The Mexican sombrero weaves brightly colored patterns into a wide-brimmed hat made of straw, felt, or velvet; they are designed to protect the wearer from sunlight on long days of desert work. The recognizable icon of Mexican culture and labor, traces back to the vaquero who works with horses, the peasant farmer, and the mariachi musician. The sombrero has come to be associated, also, with the official folk dance of Mexico, the jarabe tapatio.
A sombrero has a slightly pointed shape in the center of the hat surrounded by a very wide brim that might be slightly upturned at the edge. It can be plain, made out of golden straw loosely woven with an unfinished edge, or opulent, with silky embroidered cord, silver threads, and velvet lining. Depending on the occupation and economic position of the wearer, the sombrero may signify the most famous guitarist in a mariachi band, or the poorest farmer tending to his fields twelve hours a day.
Some believe the sombrero originated in the agricultural belt along what was to become the border between the United States and Mexico. The desert climate guaranteed many hours of sunlight beating down upon the heads, shoulders, and backs of Mestizo tillers and harvesters. Thus, someone began weaving hats out of grass or hay that reached out far enough to shade their neck, shoulders, and arms. The word sombrero comes from the Spanish word for shade, "sombre."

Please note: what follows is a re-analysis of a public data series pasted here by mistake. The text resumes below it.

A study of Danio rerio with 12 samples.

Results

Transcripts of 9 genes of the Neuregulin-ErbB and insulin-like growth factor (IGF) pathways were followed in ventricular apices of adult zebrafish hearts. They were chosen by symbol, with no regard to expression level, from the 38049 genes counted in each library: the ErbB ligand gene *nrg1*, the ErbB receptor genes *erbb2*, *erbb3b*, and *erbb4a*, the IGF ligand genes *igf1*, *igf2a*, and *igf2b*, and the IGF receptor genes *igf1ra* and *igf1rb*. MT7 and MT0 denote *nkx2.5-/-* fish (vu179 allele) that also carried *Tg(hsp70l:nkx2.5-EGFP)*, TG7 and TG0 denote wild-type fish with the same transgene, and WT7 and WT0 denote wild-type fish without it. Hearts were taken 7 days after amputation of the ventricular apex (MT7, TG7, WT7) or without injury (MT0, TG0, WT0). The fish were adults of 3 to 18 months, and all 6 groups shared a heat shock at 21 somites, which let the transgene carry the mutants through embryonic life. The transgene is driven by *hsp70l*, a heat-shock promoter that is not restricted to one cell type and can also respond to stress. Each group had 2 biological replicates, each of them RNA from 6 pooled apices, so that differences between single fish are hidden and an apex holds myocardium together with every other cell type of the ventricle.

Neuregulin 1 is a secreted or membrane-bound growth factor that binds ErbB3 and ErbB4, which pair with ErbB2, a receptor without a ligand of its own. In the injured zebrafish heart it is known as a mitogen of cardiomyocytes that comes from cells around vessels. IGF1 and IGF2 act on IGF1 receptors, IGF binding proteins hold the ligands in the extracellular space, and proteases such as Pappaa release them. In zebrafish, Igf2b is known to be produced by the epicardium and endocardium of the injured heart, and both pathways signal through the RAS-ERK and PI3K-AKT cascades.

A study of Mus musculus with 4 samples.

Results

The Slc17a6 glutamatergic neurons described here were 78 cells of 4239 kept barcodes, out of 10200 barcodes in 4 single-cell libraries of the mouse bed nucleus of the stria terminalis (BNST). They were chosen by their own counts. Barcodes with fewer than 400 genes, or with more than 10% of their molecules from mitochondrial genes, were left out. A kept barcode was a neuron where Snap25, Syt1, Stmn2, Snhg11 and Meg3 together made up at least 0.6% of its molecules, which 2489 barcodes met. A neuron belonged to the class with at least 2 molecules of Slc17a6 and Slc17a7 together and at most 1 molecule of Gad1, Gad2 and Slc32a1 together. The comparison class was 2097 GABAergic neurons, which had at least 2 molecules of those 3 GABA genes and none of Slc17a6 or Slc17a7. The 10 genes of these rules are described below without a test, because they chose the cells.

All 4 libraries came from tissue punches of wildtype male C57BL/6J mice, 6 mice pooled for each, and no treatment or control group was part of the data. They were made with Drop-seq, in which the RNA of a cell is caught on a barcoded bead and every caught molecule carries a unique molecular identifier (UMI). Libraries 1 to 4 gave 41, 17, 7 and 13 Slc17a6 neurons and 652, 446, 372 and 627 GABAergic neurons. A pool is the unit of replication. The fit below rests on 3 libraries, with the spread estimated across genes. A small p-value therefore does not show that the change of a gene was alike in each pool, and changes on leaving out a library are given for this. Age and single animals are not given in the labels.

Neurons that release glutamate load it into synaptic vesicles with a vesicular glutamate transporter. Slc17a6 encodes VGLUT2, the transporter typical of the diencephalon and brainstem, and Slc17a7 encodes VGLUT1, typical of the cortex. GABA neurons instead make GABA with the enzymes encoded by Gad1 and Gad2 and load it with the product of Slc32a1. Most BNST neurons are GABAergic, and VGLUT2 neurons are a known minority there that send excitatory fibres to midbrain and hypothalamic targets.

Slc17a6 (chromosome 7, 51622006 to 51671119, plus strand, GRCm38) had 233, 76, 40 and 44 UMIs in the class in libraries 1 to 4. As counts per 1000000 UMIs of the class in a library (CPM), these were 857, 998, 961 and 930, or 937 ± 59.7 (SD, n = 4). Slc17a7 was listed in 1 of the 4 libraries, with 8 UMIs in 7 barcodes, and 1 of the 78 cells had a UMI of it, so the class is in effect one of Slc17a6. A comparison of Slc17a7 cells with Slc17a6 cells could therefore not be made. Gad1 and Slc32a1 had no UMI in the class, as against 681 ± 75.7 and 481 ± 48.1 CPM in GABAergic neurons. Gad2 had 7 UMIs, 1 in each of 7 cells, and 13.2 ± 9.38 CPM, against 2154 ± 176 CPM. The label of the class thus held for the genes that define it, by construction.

Others claim that the sombrero came from the Jalisco capital, Guadalajara. Perhaps vaqueros, the noble riders of sleek horses, developed the sombrero along with other unique aspects of their uniform. For them, the sombrero was a symbol of masculinity, power, and agility. Made of felt or velvet, these hats were embroidered with curling motifs and finished with real gold thread. Held onto their heads with a barbiquejo, a chinstrap, they could ride fast in the wind. The largest ones were known as sombreros galoneados, akin to ten-gallon hats.
Finally, mariachi musicians adapted the sombrero as an element of their performance costume. It became associated with the famous folk song and accompanying dance, the jarabe tapatio. This piece tells the story of a courtship between a poor charro peasant and his love interest. To flirt with her, he tosses his sombrero, a prized possession, on the ground as an offering of his generosity. When the girl accepts his entreaties, she dances upon the brim of the hat.
To many Americans, the sombrero has become a stereotypical symbol of the Mexican taking a siesta beside a cactus. The representation as a tourist trinket erases the rich history of the hat, rewriting the Mexican laborer as sleepy and lazy. Instead, the sombrero speaks to the ingenuity and industriousness of the people of Mexico.